The following book review is copied from my reading blog, Reading in Southern Maine where I write brief thoughts on the books I am reading.
By David Platt
Synopsis: The basic premise of this book is that American Christians have distorted the message of Christianity to fit into the ideals of the “American Dream.” This essentially means that American Christians are overly materialistic and selfish with their time and money. It also means that they view Christianity as a consumer product, thus rendering church services to be professional entertainment and Christianity to be a product that is consumed, not a life-changing truth. Platt offers explanation to how these views do not agree with the real message of Christianity and finally gives a “challenge” which will aid the American Christian in overcoming these American distortions of the faith.
My Opinion: I have been putting off writing this (and honestly if writing it was not part of the agreement for receiving it I probably would not be writing this) because I have to say that something early in the book put a bad taste in my mouth so I feel like possibly that skewed my opinion of the rest of the book, so take that as a sort of disclaimer. What was that thing at the beginning of the book? Platt tells a story of a group of believers in his Alabama mega-church who hear about some Christians in Asia facing persecution who must meet in secret to study the Bible. These believers in Platt’s church are inspired by these Asian Christians so they start a regular evening Bible Study and call it “Secret Church.” To me this seems to trivialize and make light of the very real persecution of fellow Christians in these dangerous regions. Platt seems to agree with this criticism but never applies it to his church’s “Secret Church.” Toward the end of the book he explains about the ichthus (Jesus Fish):
How far we have come when we paste this symbol identified with martyred brothers and sisters in the first century onto the backs of our SUVs and luxury sedans in the twenty-first century.
Beyond this I felt that the book seemed to say a lot of the “right things” but never really got to the heart of the problem. Platt tries to offer advice in correcting these American distortions of Christianity, but he does so within the very system that has created and fostered these ideas. This seems to miss the very heart of the issue. He tries to encourage people to give generously to those in need, yet he pastors a mega-church which is a resource black-hole. He tries to encourage people to minister to each other, yet says nothing about the false distinction between clergy and laity. He encourages people to be sold out to Christ and never look back, yet he offers a “Challenge” or program to try out and see how it feels. Something in me has a hard time with a book titled “Radical” which opposes the American Dream, yet culminates in a one year program. Maybe I’m just being too critical. That is quite possible.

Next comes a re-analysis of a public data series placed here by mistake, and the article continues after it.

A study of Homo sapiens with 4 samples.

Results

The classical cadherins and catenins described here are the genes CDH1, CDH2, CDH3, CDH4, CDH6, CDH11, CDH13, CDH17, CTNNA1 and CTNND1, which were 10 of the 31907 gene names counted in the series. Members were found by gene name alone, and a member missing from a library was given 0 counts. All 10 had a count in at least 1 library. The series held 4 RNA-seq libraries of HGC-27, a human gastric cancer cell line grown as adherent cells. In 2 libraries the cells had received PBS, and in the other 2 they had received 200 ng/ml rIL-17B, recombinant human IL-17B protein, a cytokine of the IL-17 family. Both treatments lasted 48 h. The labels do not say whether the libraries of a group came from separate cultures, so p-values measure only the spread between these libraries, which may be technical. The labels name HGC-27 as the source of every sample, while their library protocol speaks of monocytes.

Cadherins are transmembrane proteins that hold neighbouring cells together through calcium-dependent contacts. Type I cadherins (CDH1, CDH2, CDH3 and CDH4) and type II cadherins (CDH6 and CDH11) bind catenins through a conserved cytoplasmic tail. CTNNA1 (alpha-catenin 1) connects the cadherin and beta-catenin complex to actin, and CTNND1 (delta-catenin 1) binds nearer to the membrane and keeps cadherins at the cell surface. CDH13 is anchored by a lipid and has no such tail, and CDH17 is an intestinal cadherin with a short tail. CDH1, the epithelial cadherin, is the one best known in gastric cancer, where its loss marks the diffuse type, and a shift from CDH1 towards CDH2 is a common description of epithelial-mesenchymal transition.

This book exposes a lot of real problems within the American Church, what I feel it does not do is offer valuable solutions to those problems, and this is mostly because it never gets to the heart of those problems. I see two major oversights in Radical. The first is that he never asks the reader if they are truly even Christians. I think that would be the place to start. If you have a lack of passion for the things you say you believe, and if you believe a distortion of the real thing it would certainly be worthwhile to initially ask “do I believe the real thing?” The second oversight, in my opinion, is that he completely ignores the negative effect of the clergy/laity distinction. Why don’t people live out their faith? Because they pay someone else to do that for them. Give money to missionaries and pastors and ministries. They are the professionals and that’s what they get paid for. This is how Americans view everything and the clergy/laity distinction brings that belief into the church.
FYI: Platt has also released The Radical Question and Radical Together.
I received this book for free from WaterBrook Multnomah Publishing Group for this review as part of their Blogging for Books program.